Press review


Italy’s ‘homemade’ CAR-T therapies project has too little funding - health economist

MILAN, 29 Mar (APM) - Italy’s plan to develop its own CAR-T therapies has too little funding and risks falling foul of patent litigation, according to a health economist writing in the online publication Quotidiano Sanità on Tuesday.
In a comment piece, Fabrizio Gianfrate noted that the health ministry has set up a working group of medical centres to conduct the research with MolMed providing the manufacturing expertise (APMHE 62327).
The health economist noted that the first two approved CAR-T therapies, Novartis’ Kymriah and Gilead’s Yescarta, are only currently reimbursed in some countries, such as the UK, but not yet in Italy.
The health economist described them as exceptionally innovative because they provide a ‘one-shot’ treatment for long-term benefit. But he questioned how health systems will pay for them.
Gianfrate believes it might be done in instalments over several years, linking payment to confirmation of continuing effectiveness of the treatment. He also speculated about financial institutions such as banks taking over CAR-T debts by securitising them, or perhaps companies being paid with multi-year bonds.
The costs are so high because developing the CAR-T therapies is a long and complex process, the health economist pointed out. Gianfrate doubts whether Italy’s public funding will be enough.
“Given the need for specific technological and logistical equipment and the need for products and components of the highest quality, I have to say, with the utmost respect, that the €5 million made available by the tax decree is not going to achieve very much,” he wrote.
Gianfrate also said it is conceivable that there could be litigation if Italy’s therapies infringe on the patents covering those developed by industry.

GSK opens new €42 million quality control unit at Siena vaccines site

GlaxoSmithKline has opened a new €42 million quality control unit at its global vaccines centre at Rosia, near Siena, according to Friday’s Il Sole 24 Ore.
Around 47 million doses of vaccine were manufactured at the plant for 52 different markets in 2018, the paper said. The new unit will control the quality of all products from their clinical development to production and distribution.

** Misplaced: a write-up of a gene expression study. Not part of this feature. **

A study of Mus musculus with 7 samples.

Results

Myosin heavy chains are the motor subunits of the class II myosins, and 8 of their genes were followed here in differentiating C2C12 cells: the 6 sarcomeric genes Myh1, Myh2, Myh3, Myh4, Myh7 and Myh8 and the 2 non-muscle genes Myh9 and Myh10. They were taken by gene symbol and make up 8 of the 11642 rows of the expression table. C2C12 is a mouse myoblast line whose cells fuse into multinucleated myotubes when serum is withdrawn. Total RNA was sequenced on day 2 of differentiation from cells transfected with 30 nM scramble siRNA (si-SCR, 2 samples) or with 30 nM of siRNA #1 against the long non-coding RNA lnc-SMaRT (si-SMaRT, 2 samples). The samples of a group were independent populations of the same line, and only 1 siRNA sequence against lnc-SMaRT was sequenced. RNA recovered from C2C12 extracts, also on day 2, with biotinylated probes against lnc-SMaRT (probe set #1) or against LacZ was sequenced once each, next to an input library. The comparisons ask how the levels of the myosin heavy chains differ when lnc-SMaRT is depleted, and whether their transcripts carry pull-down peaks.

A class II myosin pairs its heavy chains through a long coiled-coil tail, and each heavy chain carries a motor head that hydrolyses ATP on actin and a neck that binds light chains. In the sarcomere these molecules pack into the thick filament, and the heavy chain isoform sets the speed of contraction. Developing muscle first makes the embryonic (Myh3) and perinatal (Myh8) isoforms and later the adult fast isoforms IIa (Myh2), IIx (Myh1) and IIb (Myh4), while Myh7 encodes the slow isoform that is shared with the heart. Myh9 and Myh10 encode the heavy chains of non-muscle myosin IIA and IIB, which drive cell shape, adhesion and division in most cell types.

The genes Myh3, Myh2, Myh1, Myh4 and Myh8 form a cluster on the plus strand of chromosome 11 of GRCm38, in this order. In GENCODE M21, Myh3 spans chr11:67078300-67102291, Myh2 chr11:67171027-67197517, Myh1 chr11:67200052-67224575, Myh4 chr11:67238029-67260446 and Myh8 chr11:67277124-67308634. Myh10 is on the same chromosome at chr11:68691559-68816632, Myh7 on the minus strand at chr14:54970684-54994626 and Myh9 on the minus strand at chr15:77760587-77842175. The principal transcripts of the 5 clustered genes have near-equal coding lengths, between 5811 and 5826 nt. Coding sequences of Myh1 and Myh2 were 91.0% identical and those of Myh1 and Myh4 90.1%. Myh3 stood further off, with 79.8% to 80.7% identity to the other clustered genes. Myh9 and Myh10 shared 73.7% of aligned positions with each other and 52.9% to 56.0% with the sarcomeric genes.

According to Il Sole 24 Ore, the laboratories at Rosia will be among the most advanced in the world, confirming the strategic role in GSK’s global vaccines production network.

'Mediterranean anaemia' targeted with Celgene’s luspatercept

New cell therapies are being developed which can be used to treat beta-thalassemia which is also known as Mediterranean anaemia because of the higher number of cases in the Mediterranean area, Il Giornale reported on Wednesday.
One of these is Celgene’s luspatercept, a special protein which reduces the severity of the disease, the paper said. Patients, who have to have continuous blood transfusions, are hoping that they will soon be able to be treated with it.
The results obtained from trials are described as positive and very promising. It is estimated that in 81% of patients treated with luspatercept, the number of transfusions has been reduced by 20%. In 10% of the patients the number of transfusions has been halved.
Another possibility has emerged from research at the haemoglobin treatment centre of the Vanvitelli University Hospital, into gene auto-transplantation. The treatment allows a "healthy gene" to be transferred into the patient's cells, Il Giornale said.

Farmindustria chief urges parliament to approve clinical testing law

The head of the industry body Farmindustria has told parliament that legislation to introduce new clinical testing rule needs to be approved quickly, Il Sole 24 Ore reported on Tuesday.
Massimo Scaccabarozzi was addressing the social affairs committee in the chamber of deputies. He said the reforms introduced through the law are needed so that Italy can become more competitive in R&D and the number of clinical trials can be increased significantly.
“In the absence of favourable conditions, investment will be directed towards countries that have more agile procedures and which respect the times foreseen by the European clinical testing regulation which has to be implemented by the end of 2020,” he told the committee.
Farmindustria has called on the health ministry to introduce the necessary procedures quickly and to work with the medicines agency AIFA so new rules can be drafted, the paper said.

Snapchat interested in starting drugs advertising

Snapchat is looking to introduce medicines advertising onto its platform, About Pharma reported on Monday.
It is following Facebook, which has built an important slice of the business, the specialist publication said. Snapchat, which tends to appeal to younger age groups, sees makers of vaccines and contraceptives as the companies most likely to invest in this sort of advertising.
About Pharma cited a report from eMarketer last year which showed that, based on U.S. data, digital medicines advertising amounted to $2.52 billion in 2017 and has forecast it could reach $3 billion by the end of 2019. However, it still only accounts for 2.7% of the market as a whole.